The Year in Lending
Loan volume began to pull out of a long decline in the second quarter 2011 (see circled area). Lending last grew in late 2008 as borrowers drew on credit lines during the height of the financial crisis. Loans then began dropping sharply, with the exception of an artificial spike in the first quarter of 2010 that resulted from an accounting change. Meanwhile, balance sheets had been filling with securities and cash. The latter was the by-product of the Federal Reserve's emergency lending and quantitative easing programs. Data is for domestically chartered commercial banks.
The growth has been concentrated entirely in commercial and industrial loans, however, with commercial real estate lending continuing to atrophy.
Similarly, single family mortgages and consumer loans on bank balance sheets contracted this year. (The growth in consumer loans in 2010 reflects the consolidation of securitized credit card assets under new accounting rules.)
Year-over-year changes in business lending have generally lagged swings in credit demand and shifts in underwriting cycles over the past decade. Fewer lenders reported easing standards in the Fed's fourth quarter Senior Loan Officer Opinion Survey than in preceding quarters, and lenders reported softening demand. Both are regarded as negative signals for future loan growth, although figures from 2006 and 2007 show that healthy borrowing is possible in the absence of loosening lending standards and flat or negative demand. Meanwhile, recent employment and consumption reports show renewed economic momentum.
Banks have just begun to report that they are modestly loosening terms on commercial real estate loans a staple for small and midsize institutions. The number of banks reporting stronger demand began to substantially exceed the number reporting weaker demand in the first quarter. Lending volumes have continued to show sharp year-over-year declines.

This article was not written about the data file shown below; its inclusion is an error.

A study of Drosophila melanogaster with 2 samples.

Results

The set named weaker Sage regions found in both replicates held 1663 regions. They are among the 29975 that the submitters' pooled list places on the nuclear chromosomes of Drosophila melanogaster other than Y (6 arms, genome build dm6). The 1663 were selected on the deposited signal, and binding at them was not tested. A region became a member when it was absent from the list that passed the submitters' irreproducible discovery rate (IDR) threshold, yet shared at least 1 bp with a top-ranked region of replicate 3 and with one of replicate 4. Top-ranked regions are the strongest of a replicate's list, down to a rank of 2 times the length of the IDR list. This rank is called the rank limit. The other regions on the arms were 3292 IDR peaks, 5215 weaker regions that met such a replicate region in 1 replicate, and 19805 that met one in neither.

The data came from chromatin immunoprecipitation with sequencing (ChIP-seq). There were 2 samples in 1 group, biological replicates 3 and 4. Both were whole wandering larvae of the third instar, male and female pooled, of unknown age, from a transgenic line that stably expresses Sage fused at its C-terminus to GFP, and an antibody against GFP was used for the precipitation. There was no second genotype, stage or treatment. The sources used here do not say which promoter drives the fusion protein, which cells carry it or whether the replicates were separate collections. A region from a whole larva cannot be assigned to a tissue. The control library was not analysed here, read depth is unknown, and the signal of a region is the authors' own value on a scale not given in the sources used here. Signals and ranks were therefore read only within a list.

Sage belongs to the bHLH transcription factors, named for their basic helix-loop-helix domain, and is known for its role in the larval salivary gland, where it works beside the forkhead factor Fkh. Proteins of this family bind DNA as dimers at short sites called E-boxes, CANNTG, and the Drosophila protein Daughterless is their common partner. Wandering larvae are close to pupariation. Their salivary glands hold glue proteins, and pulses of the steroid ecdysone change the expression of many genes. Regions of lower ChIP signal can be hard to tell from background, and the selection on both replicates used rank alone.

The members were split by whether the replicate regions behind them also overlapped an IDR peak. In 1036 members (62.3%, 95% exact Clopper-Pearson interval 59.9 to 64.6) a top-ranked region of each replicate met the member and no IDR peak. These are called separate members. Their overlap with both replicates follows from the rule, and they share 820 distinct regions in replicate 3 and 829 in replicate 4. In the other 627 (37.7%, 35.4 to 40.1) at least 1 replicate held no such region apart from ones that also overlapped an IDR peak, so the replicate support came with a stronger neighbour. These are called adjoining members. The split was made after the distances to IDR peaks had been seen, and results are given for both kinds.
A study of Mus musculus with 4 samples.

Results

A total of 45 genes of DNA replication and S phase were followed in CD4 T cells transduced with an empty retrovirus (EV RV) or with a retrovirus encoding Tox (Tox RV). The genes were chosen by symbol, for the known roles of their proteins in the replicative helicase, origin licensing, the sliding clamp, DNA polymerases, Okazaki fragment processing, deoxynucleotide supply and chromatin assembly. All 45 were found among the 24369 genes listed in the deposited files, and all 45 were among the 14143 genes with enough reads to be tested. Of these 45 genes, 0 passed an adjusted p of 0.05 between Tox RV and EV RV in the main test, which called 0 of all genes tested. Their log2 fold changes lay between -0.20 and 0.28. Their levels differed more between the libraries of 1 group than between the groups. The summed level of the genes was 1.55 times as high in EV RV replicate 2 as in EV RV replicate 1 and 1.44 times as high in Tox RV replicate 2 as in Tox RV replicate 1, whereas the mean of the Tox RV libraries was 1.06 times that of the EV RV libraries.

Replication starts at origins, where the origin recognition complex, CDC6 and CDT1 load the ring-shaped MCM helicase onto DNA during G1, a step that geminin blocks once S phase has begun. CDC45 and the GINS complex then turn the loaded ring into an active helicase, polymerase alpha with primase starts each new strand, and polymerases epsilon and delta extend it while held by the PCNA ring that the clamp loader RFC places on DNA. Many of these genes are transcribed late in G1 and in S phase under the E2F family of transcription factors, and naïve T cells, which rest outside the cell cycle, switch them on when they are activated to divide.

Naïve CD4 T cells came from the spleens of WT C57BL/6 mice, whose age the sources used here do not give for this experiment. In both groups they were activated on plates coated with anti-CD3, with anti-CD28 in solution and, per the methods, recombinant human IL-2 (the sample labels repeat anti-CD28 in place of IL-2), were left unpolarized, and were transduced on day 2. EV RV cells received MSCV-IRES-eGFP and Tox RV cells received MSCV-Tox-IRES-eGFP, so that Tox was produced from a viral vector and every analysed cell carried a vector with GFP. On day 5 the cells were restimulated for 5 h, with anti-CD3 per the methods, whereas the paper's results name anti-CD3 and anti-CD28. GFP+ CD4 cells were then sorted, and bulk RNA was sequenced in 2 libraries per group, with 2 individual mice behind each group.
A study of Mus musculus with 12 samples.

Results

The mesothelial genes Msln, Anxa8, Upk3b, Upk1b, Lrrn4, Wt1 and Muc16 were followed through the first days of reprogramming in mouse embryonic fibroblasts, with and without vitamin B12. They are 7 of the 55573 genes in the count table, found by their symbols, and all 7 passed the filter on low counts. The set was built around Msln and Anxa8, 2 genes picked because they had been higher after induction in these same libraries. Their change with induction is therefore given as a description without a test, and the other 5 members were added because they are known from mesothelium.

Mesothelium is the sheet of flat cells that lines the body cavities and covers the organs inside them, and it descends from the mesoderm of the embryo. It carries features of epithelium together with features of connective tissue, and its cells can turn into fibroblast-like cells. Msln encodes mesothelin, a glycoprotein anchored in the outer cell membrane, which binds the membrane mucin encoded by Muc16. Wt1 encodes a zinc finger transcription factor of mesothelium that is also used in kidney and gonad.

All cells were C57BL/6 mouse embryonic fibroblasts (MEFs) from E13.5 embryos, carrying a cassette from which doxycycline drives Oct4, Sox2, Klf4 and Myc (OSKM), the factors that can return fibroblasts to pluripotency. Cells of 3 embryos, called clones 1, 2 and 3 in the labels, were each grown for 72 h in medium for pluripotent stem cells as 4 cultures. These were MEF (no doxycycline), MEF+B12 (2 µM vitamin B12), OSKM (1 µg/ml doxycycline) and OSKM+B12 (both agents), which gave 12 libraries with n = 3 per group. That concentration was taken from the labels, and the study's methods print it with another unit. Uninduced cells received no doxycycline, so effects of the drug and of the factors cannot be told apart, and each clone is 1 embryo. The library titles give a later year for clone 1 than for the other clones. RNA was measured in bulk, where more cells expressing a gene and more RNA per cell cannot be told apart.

Banks' decision to reduce the portion of their balance sheets devoted to single-family mortgages in 2011 reflects the importance of capital considerations. Individual loans have higher risk weightings than do government-guaranteed bonds filled with them. Home loans on banks' books hovered between 21% and 22% of the total mortgage market during the first three quarters.
Mortgage production volumes fell in 2011 from the prior year despite another sharp drop in interest rates. Many homeowners who qualified for mortgages had already refinanced into cheaper loans. Even so, the profitability of originations soared in late 2011, as reflected in the difference between consumer and secondary market rates. (The relationship between asset prices and yields is inverted, so higher consumer rates relative to secondary market rates indicate greater profitability for lenders, which mostly re-sell mortgages to investors.) The wide margins were largely due to production bottlenecks that cropped up as broader market rates dropped suddenly: lenders tend to lower rates for consumers with a delay as they devote origination personnel to customers willing to borrow at higher rates first.
The year-over-year contraction in revolving credit mostly credit card loans narrowed as 2011 progressed. Nonrevolving credit, which mostly involves auto and student loans, began to show year-over-year growth in late 2010, thanks to federal loans.
When are banks going to start lending again? In 2011, it turns out, though the growth was exclusively in business loans as real estate and consumer portfolios continued to shrink.